Record volume of blueberries consumed in NZ
November 10, 2020

Statistics reveal New Zealanders consumed 8m punnets of blueberries last season, with even more anticipated this season

Recently released grocery statistics have revealed New Zealanders consumed a record 8m punnets of blueberries last year, a 1.1m punnet increase (or 15.2 per cent) on the 2019/20 blueberry season.

Blueberries New Zealand believes a renewed focus from consumers in maintaining good health will likely see sales skyrocket again this summer.

Sales topped NZ$30m last season, with an almost identical rise in consumption recorded the year before, confirming a huge surge in popularity for the fruit.                 

Blueberries New Zealand chairman Dan Peach (pictured) attributes the fruits’ popularity to a number of factors including the high-profile partnership with Olympian Eliza McCartney who has been their ambassador for the past five years. 

But he also predicts New Zealander’s Covid-19 lockdown experience will likely push sales up even further this summer. 

“In my opinion, people have genuinely reconnected with real food this year, particularly fruit and vegetables,” said Peach. “At the beginning of lockdown, people were worried about food security and whether they could get enough of what they needed – we saw long queues at supermarkets, and sales of fruit and vegetable plants at garden centers have since gone crazy. People are planting in their own back yard to ensure supply.”  

“Blueberry sales will certainly benefit from that trend, as people focus on the health benefits of what they’re eating and look to increase their consumption of superfoods, such as blueberries.”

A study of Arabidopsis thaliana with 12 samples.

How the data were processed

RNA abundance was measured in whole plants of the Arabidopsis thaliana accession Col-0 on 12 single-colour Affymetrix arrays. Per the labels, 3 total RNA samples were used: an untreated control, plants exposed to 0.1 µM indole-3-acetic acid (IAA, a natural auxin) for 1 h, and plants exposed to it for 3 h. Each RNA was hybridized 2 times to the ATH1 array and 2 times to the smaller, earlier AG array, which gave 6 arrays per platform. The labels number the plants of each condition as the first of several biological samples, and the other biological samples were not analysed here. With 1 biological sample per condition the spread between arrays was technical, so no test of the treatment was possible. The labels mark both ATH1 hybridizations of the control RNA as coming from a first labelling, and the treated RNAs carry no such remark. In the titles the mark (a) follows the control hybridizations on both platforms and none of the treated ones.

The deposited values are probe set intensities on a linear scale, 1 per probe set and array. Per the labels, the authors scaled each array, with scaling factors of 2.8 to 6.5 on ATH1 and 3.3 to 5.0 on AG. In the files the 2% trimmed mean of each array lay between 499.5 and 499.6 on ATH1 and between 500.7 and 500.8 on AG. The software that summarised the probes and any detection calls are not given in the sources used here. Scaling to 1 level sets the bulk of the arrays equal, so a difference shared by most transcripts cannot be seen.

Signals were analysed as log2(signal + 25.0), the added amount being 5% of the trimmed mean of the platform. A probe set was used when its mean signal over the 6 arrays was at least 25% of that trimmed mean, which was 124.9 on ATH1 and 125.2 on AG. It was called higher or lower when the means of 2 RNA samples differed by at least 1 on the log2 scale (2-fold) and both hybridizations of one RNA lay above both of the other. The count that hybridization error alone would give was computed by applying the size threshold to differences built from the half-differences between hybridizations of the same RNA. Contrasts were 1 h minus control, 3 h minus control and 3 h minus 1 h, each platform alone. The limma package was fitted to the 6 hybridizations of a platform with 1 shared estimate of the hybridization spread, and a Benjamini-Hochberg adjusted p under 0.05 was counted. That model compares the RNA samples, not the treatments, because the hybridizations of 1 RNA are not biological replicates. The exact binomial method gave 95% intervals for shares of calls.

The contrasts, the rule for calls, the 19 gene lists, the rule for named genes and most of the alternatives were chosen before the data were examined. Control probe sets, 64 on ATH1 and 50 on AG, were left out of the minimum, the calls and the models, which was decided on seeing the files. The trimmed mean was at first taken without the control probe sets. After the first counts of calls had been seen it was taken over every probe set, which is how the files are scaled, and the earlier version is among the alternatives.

New Zealand’s main blueberry season has started, and consumers are being encouraged not to underestimate the smaller sized fruit.

“They contain higher antioxidant levels than just about every other fruit and vegetable,” Peach explained. “They’re low in calories, high in nutrients, and will help improve your mood.” 

Around 60 percent of New Zealand’s annual blueberry crop is exported to Australia and Asia, and growers expect international demand will be stronger than ever thanks to the country’s clean, green reputation and effective Covid-19 response.  

“Demand looks to be really strong internationally this year, and a hot, dry summer will produce exceptionally good berries,” said Peach.

“We’re confident New Zealanders will continue their love of blueberries and find ways to consume even more this coming season. There will be plenty of punnets on supermarket shelves between now and March, so enjoy them while you can,” he concluded.